As the state’s consumer advocate, Attorney General Hector Balderas has done a job worthy of a malpractice suit, the state Public Regulation Commission’s chairman said this week.
Stephen Fischmann of Las Cruces said in Wednesday’s commission meeting the state needs a real utility consumer advocate because the Attorney General’s Office hasn’t fulfilled the role.
“Quite honestly, if they were in the private sector, as a client, I would be suing my attorney, in this case the AG, for malpractice,” Fischmann said, referring to a pair of recent cases that have gone before the commission. “Because I just can’t see how they’re representing the clients they’ve legally been assigned.”
Fischmann declined Thursday to cite the cases to which he was referring. “I made a pretty strong statement at yesterday’s meeting, and I stood behind it,” he said. “To me, it’s more general than one or two cases.”
The comments came as the commission discussed its need for more technical expertise, such as engineers, economists, financial analysts and policy experts. Some also pointed to the need for a consumer advocate, whether the position be within the Public Regulation Commission or elsewhere in state government.
Balderas wrote in an email Thursday that Fischmann’s criticisms were ironic given state voters last year decided to reorganize the Public Regulation Commission from a five-member elected board to a three-member appointed board in 2023.
“The voters of New Mexico recently fired the dysfunctional PRC by a statewide mandate because they do not effectively prioritize the economic and energy needs of all New Mexicans, including those communities that are poor and of color.” Balderas wrote.
He said he would “never apologize for advocating for greater speed and urgency to build our clean energy economy on behalf of New Mexicans who are struggling to see meaningful transformation from Santa Fe.”
Fischmann said utility companies and environmental groups have zealous advocates who state their cases to the commission. But Balderas’ office seems more interested in “balancing interests rather than acting as advocates” for residential and small business customers, he added.
The Legislature probably will contend the state’s utility consumer advocate should be in the Attorney General’s Office, Fischmann acknowledged. But the person “needs to be one that’s truly an advocate,” he said. “We don’t see that happening on behalf of the consumers.”
Commissioner Cynthia Hall of Albuquerque agreed it would be good to have more consumer advocacy from the Attorney General’s Office. Hall said the attorney general probably has staff limitations, just as the regulation commission does.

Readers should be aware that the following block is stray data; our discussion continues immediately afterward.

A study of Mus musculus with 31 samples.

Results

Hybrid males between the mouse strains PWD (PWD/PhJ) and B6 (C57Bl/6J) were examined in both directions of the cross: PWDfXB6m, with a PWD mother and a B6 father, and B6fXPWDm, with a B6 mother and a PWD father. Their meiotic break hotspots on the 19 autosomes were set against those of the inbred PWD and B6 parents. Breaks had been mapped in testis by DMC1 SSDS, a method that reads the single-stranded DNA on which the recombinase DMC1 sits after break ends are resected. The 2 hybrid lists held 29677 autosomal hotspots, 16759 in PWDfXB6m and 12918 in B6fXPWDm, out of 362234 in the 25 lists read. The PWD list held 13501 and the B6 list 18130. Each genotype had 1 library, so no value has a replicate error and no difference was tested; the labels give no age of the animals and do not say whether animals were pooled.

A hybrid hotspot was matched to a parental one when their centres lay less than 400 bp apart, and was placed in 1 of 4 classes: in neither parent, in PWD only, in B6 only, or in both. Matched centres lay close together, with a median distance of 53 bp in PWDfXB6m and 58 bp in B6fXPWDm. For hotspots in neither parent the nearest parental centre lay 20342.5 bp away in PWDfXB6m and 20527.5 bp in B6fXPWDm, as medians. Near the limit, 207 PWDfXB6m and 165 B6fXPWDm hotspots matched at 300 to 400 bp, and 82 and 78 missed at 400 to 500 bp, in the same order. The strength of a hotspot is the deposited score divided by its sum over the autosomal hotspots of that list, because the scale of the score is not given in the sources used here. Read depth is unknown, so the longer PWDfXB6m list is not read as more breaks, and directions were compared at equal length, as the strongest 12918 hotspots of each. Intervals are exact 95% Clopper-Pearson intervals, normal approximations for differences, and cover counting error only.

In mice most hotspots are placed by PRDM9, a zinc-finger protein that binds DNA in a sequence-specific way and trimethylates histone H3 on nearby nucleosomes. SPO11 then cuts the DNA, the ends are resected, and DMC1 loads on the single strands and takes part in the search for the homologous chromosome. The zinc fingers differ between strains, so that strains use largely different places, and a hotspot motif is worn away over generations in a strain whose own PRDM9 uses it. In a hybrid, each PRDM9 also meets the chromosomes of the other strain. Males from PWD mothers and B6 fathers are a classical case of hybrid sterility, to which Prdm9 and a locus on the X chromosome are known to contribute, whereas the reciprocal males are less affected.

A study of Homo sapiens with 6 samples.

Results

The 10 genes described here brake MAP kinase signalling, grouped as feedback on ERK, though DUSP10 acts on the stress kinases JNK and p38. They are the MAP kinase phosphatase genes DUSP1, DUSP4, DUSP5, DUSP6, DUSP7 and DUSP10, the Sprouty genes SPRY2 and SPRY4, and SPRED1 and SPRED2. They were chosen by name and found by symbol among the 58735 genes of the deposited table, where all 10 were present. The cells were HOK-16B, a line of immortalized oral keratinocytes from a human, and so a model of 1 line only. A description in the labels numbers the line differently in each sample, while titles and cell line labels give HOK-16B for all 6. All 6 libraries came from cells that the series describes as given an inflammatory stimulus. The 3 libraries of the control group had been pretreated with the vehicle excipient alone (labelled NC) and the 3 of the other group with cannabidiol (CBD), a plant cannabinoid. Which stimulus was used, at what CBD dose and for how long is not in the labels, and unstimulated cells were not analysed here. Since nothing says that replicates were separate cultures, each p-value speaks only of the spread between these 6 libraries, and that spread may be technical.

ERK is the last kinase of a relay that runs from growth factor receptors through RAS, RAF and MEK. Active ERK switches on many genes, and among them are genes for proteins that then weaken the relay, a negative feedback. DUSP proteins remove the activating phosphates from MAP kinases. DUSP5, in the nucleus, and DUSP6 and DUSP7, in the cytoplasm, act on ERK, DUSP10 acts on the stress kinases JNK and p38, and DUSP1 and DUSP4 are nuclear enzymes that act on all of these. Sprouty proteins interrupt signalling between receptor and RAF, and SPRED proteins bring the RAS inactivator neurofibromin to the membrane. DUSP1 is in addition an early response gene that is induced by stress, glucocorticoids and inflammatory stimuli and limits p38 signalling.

“I definitely think we should have one,” Hall said. “A lot of states do.”
She said the consumer advocate probably should function independently from the commission.
The Attorney General’s Office faced criticism in the spring when it became an early advocate of the proposed merger between Public Service Company of New Mexico and Avangrid of Connecticut. Some critics said Balderas gave up his negotiating leverage too soon. The commission has yet to rule on the merger proposal.
Balderas this summer said he was pleased with the work his office had done on the merger proposal. Among other things, he said, he helped win concessions from the merger applicants for tribal communities, union workers and low-income electricity customers.
The concessions include 150 new jobs that would come from the merger, $12.5 million for community groups that would suffer from PNM’s abandonment of the Four Corners Power Plant, and $2 million for electrical service to remote areas.
Balderas also faced formal conflict of interest complaints this summer from merger critic New Energy Economy, its leader, Mariel Nanasi, and some other groups.
One of Nanasi’s arguments was that a friend of Balderas, attorney Marcus Rael of Albuquerque, had won considerable contracted business through the Attorney General’s Office as well as a $400-an-hour agreement to serve Avangrid’s parent company, Iberdrola of Spain.
A hearing examiner who serves as a quasi judge for the Public Regulation Commission did find a conflict in the relationship between Iberdrola and Rael. He didn’t state a position on Balderas’ role, saying that was beyond the commission’s purview and that if someone wanted to pursue it, a court would be required.
Another body, however, the Disciplinary Board of the New Mexico Supreme Court, said there was no conflict. Balderas wrote Thursday “the State Supreme Court … recently reviewed my legal work in front of the Commission and positively endorsed my practice.”
Two other entities, the State Ethics Commission and the State Auditor’s Office, have yet to rule on Nanasi’s complaints.